Making it rain: Environmentalists have urged islanders to remember they are merely ‘tenants’ of this planet. *File photo
Making it rain: Environmentalists have urged islanders to remember they are merely ‘tenants’ of this planet. *File photo

A new UN report has Bermudian environmentalists lamenting the impending effects of climate change on the island, including rising sea levels, more rain and the harmful impact on the island’s food supply.

The report, issued last week by the Intergovernmental Panel on Climate Change (IPCC), warns of the risks posed by global warming and some world leaders have used the report to call for action.

Bermuda Environmental and Sustainability Taskforce Chairman Stuart Hayward has labelled the report “another call…for the inhabitants of this planet to remember that we’re not the designers, we’re not the makers. We’re the tenants.”

Mr. Hayward said overseas crops could be harmed by global warming, meaning that Bermuda’s food supply could be affected by climate change. “We’re dependent on the labour and agricultural land and expertise of other countries for 85 per cent of our food consumption,” he said.

Mr. Hayward said Bermuda still has high energy consumption rates and that the island will likely continue to experience more intense rain as a result of climate change.

“It would be easier to feel helpless if we weren’t such a factor,” he said. “While we’re small, we’re a densely populated oceanic island. Our consumption per capita in terms of fossil fuels and energy are high.”

He added, “Our lifestyle, our standard of living, which is different from our quality of life, is high on the consumption chain. Less developed countries look to Bermuda’s standard as their desirable model.”

Dr. David Wingate, a Bermudian scientist and conservationist, said: “Every time they update these reports there is a higher percentage of evidence that shows the predictions are accurate — that this is man-caused. The most recent surge in temperature and the burning of fossil fuels is linked.

Low-lying areas

In Bermuda’s case, Dr. Wingate said: “the slope of the land along our coastline is fairly steep. That means that the loss of land to rising sea levels would not be as great here as in other places”.

Still, low-lying areas near sea-level such as Pembroke Marsh basin behind Hamilton, the airport and a lot of development along the south shore “that was put too near the coast in the first place” could be affected, said Dr. Wingate.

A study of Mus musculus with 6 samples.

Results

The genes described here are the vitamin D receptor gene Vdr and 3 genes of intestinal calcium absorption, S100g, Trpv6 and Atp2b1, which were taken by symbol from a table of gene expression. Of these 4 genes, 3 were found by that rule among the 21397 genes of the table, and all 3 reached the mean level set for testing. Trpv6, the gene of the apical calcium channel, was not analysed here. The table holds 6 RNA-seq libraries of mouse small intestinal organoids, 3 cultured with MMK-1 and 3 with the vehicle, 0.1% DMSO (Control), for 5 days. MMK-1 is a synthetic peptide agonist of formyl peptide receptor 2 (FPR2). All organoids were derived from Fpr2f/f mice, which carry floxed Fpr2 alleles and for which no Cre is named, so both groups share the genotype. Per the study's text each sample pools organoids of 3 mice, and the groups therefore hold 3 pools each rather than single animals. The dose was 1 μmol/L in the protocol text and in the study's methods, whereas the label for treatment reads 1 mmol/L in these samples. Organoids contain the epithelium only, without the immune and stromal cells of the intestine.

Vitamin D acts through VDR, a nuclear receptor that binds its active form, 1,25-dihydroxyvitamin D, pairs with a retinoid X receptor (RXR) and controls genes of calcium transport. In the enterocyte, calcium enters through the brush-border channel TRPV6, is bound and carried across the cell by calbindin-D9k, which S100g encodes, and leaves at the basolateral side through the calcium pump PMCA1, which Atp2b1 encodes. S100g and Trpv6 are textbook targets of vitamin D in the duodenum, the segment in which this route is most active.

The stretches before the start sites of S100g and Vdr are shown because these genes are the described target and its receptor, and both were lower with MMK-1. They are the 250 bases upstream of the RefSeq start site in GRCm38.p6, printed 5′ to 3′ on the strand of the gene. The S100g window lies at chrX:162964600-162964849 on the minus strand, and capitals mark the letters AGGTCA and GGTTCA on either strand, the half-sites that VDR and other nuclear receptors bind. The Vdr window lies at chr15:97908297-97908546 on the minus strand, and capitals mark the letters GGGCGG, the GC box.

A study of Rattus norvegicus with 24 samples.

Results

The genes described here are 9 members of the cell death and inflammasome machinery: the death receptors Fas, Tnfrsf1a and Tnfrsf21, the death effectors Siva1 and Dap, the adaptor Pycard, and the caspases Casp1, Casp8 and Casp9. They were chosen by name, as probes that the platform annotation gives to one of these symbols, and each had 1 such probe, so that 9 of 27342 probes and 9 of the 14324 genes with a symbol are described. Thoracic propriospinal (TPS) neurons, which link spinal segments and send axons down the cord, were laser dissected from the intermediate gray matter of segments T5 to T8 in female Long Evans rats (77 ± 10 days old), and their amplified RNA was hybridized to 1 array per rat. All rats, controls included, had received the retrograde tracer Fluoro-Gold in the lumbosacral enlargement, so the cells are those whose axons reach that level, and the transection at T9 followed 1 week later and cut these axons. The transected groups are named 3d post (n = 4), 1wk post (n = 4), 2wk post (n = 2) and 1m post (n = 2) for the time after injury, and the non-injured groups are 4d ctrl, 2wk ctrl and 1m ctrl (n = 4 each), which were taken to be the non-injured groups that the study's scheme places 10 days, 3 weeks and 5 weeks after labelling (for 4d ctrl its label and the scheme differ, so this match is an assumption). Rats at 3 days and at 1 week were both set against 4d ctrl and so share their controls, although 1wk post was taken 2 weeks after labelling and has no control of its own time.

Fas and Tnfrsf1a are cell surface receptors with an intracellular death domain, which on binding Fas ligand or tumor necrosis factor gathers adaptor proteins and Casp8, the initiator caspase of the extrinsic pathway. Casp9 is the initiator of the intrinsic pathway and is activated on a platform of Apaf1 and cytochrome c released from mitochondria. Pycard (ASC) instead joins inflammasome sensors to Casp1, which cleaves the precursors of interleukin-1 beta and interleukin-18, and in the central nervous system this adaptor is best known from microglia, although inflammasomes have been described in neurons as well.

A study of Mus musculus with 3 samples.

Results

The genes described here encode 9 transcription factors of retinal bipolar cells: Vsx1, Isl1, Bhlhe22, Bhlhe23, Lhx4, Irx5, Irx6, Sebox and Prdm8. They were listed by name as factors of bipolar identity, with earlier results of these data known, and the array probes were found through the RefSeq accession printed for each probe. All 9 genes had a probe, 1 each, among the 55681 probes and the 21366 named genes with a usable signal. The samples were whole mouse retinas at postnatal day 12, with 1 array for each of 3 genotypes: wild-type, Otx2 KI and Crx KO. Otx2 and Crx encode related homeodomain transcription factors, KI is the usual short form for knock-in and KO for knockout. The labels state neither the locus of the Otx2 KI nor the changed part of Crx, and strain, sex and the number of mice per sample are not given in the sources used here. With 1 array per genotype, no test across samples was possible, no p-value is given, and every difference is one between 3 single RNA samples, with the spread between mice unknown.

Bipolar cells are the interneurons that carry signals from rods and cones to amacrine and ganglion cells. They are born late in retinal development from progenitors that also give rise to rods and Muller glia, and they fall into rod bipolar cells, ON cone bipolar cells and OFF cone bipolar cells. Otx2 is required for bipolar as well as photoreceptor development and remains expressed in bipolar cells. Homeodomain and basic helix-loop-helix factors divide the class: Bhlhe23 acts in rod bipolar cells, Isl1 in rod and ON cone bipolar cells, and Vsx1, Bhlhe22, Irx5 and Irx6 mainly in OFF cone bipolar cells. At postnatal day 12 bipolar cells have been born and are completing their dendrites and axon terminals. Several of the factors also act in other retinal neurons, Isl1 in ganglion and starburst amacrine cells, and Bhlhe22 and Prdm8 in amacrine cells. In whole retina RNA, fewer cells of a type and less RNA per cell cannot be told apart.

“One factor that may not have been considered is that we’re a calcium carbonate island and increased acidity in the rainfall and the ocean could lead to the dissolving of limestone rock. However subtlety or marginally, it’s bound to effect us.”

Eugene Dean, who is one of the management committee members of Greenrock, which is an environmental advocacy charity based on the island,  said: “These things just show us that the way we’re living is out of balance with the earth’s natural cycle. It’s far from sustainable. 

“We’re consuming the earth’s resources at a rate that’s far more rapid than can be replenished.”

The Bermuda-based insurance and reinsurance company Catlin Group Limited released a statement saying the report’s conclusions “emphasize the need for substantially more research into the state of our oceans, which play a major role in weather-related risks and coastal erosion, as well as impact the economic wellbeing of hundreds of millions of people living near coastlines.”

Catlin is the title sponsor of a survey that documents the composition and health of oceans. Currently, the team behind the survey is undertaking a comprehensive record of the world’s coral reefs.

“The sensitivity of these reefs to various changes makes them the oceans’ early-warning system,” said the company through a statement. 

“Coral reefs also produce economic value estimated at $375 billion annually. The IPCC’s statement that corals are rapidly declining and will, most likely, have disappeared by 2050 makes the work of the Catlin Seaview Survey even more important.”